After much anticipation, my DNA results came back via an AncestryDna.com test me and my wife both took about 5 weeks ago. My wife turned out to be 83% British or something like that. She was surprised in that she thought her maiden was name was German – which apparently it was not.
For those of you “ist” and “ism” bigots that don’t know I’m half-Armenian on my mother’s side and a mixture of European on my fathers. I was actually expecting some sort of Middle Eastern mixed in due to Armenia’s geographic location and it’s history of invaders, conquest, and overall movements of demographics in the last 2000 years there.
What I didn’t expect was some of these other results.
I knew of the English on my dad’s side, but the Irish/Scots/Welsh and the Southern European and Iberian were surprising. Obviously, the European Jewish part surprised me.
Justin Timberlake may be a man of the woods, but I’m a man of antiquity and the high middle ages. I may just now be a walking poster boy for Diversity. The Tech industry needs to hire me now, though I can’t promise my worldview will be the same.
Back to a serious note. It’s enjoyable and instructive to know where your ancestors came from, but who am I really? We have these weird awkward conversations about “racial” and ethnic awareness with the types of people you really don’t want to have those conversations/awareness with if you like your job and need to pay your mortgage.
But even these same people are in a dire boat in the modern digital age of loneliness. Their identities exist in a Western old vacuum that can’t be replicated anywhere else. Obviously, this is specifically true of the political and sociological identities people have inserted themselves into, often in the most tribal ways – American politics for instance.
What these people don’t have is any real identity not tied to that. For instance, if some “African American” – a crappy term – goes over to Ghana, how much are they really going to have with Ghanans? What about Nigeria, Egypt, Chad, or Ethiopia?
They don’t know if they are even from the same tribe, group, or nation – which they likely aren’t. For all they know, they were some of the slaves that the Ghanans took and sold to the entire world. They don’t speak the same language – that’s a big deal.
The cultural mannerisms, traits, and norms are entirely different. They may even call you a slur which means white. If you don’t speak the same language, you’ve lost a lot of what might make you even remotely “similar” to them, and don’t be surprised when they accuse you of “Cultural appropriation”.
You may discover you’re ancestors were slavers, slaves, conquerors, or great empire builders. It’s a bit of a mixed bag in today’s modern oppression culture where everyone wants more oppression cards to play.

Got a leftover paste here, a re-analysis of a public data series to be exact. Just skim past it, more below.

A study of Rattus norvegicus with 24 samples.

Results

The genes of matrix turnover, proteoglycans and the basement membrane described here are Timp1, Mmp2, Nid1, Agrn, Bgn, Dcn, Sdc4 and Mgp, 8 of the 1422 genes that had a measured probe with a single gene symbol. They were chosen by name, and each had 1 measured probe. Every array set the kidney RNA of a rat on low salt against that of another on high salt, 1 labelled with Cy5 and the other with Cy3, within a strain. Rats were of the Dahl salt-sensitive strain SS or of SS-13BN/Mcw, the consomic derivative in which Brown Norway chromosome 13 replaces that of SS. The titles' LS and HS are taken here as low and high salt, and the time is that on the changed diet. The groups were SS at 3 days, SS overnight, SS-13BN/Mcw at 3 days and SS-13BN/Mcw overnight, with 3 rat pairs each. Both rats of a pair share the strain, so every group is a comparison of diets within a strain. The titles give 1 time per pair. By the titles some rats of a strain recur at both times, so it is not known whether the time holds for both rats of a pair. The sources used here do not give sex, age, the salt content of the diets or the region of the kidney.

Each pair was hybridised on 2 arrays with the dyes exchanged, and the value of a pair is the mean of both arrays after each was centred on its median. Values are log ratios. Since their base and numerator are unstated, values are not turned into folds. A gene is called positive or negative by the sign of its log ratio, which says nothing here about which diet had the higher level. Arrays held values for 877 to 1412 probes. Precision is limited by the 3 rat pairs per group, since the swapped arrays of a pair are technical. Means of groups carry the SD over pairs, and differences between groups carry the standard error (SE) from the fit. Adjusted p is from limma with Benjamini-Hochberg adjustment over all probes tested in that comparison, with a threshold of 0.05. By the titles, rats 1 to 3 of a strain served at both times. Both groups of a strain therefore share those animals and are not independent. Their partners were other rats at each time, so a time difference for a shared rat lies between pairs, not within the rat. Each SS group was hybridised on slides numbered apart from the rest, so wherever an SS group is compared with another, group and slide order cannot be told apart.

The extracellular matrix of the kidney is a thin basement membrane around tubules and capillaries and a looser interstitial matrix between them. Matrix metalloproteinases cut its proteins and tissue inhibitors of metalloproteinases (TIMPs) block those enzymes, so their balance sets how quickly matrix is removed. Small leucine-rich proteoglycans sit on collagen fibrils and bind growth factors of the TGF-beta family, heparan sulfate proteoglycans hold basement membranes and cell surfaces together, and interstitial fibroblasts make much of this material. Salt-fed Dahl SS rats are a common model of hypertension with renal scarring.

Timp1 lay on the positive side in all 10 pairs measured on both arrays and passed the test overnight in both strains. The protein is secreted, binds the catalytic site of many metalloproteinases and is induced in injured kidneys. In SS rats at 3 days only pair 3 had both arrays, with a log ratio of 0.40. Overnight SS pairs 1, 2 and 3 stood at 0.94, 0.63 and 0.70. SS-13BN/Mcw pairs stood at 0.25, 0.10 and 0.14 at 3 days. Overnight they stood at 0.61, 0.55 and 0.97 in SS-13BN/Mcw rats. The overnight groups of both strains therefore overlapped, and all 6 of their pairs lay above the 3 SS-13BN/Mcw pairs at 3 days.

All that said, I get it. Wouldn’t you do the same thing? Modern life in the digital 21st century has been stripped to its bare parts by globalism and people’s identities, cultures, and traditions have been shattered. However, people still need an identity. They need to find a reason, purpose, and motivation to live and build a legacy.
Take me for instance. I’m proud to be half Armenian and the various other mix of ethnicities. However, how much do I have in common with them? If I went back to Armenia right now, would I be able to say that I have a similar life with similar situations, standard of living, and a shared plight and condition?
I don’t think I could. I’m not in a country where it’s borders are filled with rocket, mortar, and machine-gun fire over disputed land on a frequent basis. Armenia could very well be overwhelmed by Azerbaijan if a war broke out and the country could be decimated for generations.
Yes, I am a descendant of Armenian survivors, but I don’t speak the language, know just a few foods, and only rarely have been to the Armenian Church – the center of culture – with the exception of funerals. My sons won’t have an Armenian identity or that of any other ethnicity. They will likely be a product of American midwest culture.
Of course, I want them to know where they come from, but where they are going is a foundation that has to be built. So many of the identities that people cling to today are built on shallow ground and foundations that will inevitably shatter.
The past is one source that contributes toward an identity, but it can’t be the only one. Look to the communities and the people that surround you now – that is part of your culture. You can influence how it’s shaped, or you can build identities based off “opposition” to the tribe you don’t like.
Don’t be surprised though when you have nothing to live for once that tribe is shattered.
P.S. If you are wondering what someone with the above mix looks like here’s n example of what I look like with a beard. It’s not full yet.